A tree mural painted on the side of an art shop can continue to call Atascadero home, the City Council unanimously decided Tuesday.
The decision passed 4-0, with Councilman Tom O’Malley absent from the meeting.
At issue was the fate of the colorful mural seen on the side of The ARTery art supply store at 5890 Traffic Way.
Its appearance downtown in May prompted a dispute over whether a mural could be considered a sign, after a city design committee that evaluates and permits signs deemed the 600-square-foot mixed-media piece uncharacteristic of downtown and said it had to go.
The rules are so ambiguous, in fact, that when City Attorney Brian Pierik took a closer look at the legality of enforcing city regulation — after a local attorney said he would sue the city over the sign committee’s decision — he ultimately recommended the council drop the issue.
Fewer people than expected spoke at Tuesday’s meeting about the matter, which grew into a hot-button debate over property rights, free speech and the value of having a diverse array of art in a community.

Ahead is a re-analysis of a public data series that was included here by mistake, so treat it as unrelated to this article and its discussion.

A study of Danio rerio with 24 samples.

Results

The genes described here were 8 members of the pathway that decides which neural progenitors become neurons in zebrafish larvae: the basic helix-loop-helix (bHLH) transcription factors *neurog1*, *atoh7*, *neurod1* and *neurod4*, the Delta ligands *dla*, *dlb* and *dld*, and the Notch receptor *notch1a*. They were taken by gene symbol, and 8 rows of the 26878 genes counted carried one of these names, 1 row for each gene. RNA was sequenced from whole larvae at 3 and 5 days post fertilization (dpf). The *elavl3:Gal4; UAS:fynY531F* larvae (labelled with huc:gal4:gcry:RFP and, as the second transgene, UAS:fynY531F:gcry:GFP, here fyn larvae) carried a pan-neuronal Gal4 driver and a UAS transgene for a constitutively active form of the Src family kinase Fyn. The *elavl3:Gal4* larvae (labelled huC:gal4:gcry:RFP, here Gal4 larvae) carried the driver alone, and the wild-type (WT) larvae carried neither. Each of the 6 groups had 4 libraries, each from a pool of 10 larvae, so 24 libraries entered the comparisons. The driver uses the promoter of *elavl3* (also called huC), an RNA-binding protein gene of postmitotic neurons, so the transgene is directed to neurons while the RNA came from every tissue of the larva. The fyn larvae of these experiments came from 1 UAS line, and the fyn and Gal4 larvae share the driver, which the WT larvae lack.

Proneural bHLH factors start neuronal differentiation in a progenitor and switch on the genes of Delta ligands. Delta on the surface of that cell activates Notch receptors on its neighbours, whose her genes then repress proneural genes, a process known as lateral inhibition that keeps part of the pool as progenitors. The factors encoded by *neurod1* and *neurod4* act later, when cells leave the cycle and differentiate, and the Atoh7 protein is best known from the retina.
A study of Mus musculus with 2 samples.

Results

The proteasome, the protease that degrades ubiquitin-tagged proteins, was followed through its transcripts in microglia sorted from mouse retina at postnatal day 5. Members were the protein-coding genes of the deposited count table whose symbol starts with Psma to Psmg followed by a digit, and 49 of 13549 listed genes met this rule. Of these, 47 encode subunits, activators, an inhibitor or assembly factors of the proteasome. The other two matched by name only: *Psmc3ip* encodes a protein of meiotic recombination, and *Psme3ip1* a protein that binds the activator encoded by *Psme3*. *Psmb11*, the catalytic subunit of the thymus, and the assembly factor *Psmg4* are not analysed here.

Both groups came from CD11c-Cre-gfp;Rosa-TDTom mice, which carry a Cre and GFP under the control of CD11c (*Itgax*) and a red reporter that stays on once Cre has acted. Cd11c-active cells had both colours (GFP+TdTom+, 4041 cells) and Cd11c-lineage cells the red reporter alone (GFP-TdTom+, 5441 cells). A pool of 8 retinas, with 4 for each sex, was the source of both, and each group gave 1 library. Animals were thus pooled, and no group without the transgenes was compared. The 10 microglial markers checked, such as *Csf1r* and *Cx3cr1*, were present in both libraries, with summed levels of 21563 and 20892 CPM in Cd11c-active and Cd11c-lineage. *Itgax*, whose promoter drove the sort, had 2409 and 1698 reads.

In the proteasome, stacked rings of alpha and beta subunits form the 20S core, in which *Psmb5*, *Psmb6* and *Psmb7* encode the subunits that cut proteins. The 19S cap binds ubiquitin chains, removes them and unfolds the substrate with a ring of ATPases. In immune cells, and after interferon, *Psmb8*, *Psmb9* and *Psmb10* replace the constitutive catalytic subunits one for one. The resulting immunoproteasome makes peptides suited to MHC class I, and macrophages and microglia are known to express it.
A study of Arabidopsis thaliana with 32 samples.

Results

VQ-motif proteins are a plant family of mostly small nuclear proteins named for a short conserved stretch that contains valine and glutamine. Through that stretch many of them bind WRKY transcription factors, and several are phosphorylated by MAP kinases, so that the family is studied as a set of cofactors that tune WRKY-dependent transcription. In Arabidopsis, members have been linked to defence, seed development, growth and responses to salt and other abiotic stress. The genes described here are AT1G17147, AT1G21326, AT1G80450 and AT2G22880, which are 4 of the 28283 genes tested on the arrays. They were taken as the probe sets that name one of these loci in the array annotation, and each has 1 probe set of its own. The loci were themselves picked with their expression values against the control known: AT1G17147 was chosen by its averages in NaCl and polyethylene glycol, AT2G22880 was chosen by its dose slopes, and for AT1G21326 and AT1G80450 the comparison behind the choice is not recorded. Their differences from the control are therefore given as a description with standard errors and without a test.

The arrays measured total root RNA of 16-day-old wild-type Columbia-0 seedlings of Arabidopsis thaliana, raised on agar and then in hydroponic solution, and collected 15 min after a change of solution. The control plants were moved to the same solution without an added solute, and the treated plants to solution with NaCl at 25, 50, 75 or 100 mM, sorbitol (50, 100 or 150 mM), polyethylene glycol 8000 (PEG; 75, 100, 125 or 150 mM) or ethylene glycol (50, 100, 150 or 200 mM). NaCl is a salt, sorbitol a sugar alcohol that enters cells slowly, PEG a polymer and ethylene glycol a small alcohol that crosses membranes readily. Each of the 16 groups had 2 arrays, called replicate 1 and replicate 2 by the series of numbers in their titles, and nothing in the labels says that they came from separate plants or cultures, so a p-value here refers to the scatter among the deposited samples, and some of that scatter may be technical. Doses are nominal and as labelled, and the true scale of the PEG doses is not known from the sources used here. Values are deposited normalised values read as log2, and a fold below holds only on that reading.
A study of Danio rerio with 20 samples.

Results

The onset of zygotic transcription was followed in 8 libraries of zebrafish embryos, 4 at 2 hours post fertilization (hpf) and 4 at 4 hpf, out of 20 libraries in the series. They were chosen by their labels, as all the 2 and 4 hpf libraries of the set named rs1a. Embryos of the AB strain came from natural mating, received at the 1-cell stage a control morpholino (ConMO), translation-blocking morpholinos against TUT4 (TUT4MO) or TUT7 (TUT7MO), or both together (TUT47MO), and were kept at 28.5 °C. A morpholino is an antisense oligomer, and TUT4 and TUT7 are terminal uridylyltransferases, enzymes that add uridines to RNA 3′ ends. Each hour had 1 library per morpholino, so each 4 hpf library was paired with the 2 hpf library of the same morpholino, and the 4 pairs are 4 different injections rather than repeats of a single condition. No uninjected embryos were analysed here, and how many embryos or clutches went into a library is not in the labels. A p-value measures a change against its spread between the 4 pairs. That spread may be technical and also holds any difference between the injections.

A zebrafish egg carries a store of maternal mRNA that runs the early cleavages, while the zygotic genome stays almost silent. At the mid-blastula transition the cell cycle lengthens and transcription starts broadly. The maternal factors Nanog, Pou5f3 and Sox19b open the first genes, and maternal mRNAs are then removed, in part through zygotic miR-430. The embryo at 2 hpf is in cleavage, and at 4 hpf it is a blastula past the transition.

Many of the mural’s supporters rallied via a Facebook page titled “Rally to Save the Tree Mural,” which drew hundreds of followers. Some opposition also appeared on the page.
Although ARTery owners Bobbi Nuñez and her husband, Bill Arkfeld, were tasked with quelling some inappropriate comments, they say the community’s reaction to the issue has been eye-opening.
“That’s where the hope comes in,” Arkfeld said Tuesday after the vote. “We want interesting and colorful and artistic. I really hope this is the beginning of that.”
The couple said they’re pleased the mural will remain in the community but they are glad the debate is finally over.
The mural issue isn’t new for Atascadero.
A similar debate in 2010 challenged the City Council to determine whether a pair of brightly colored bicycles painted on the K-Man Cycle & Run building along Highway 101 constituted a sign.
At the time, the council opted to skip changing its sign laws but allowed the K-Man mural to stay.
On Tuesday night, many agreed that the council needs to fix its sign law now. Pierik suggested that the council direct staff to look into ways to clarify existing city rules for noncommercial signs.
But council members agreed that they’d prefer a complete overhaul of the ordinance in the future instead of focusing on small tweaks. A timeline for that project was not set.
“I think it was a learning curve for all of us,” Mayor Bob Kelley said of the issue.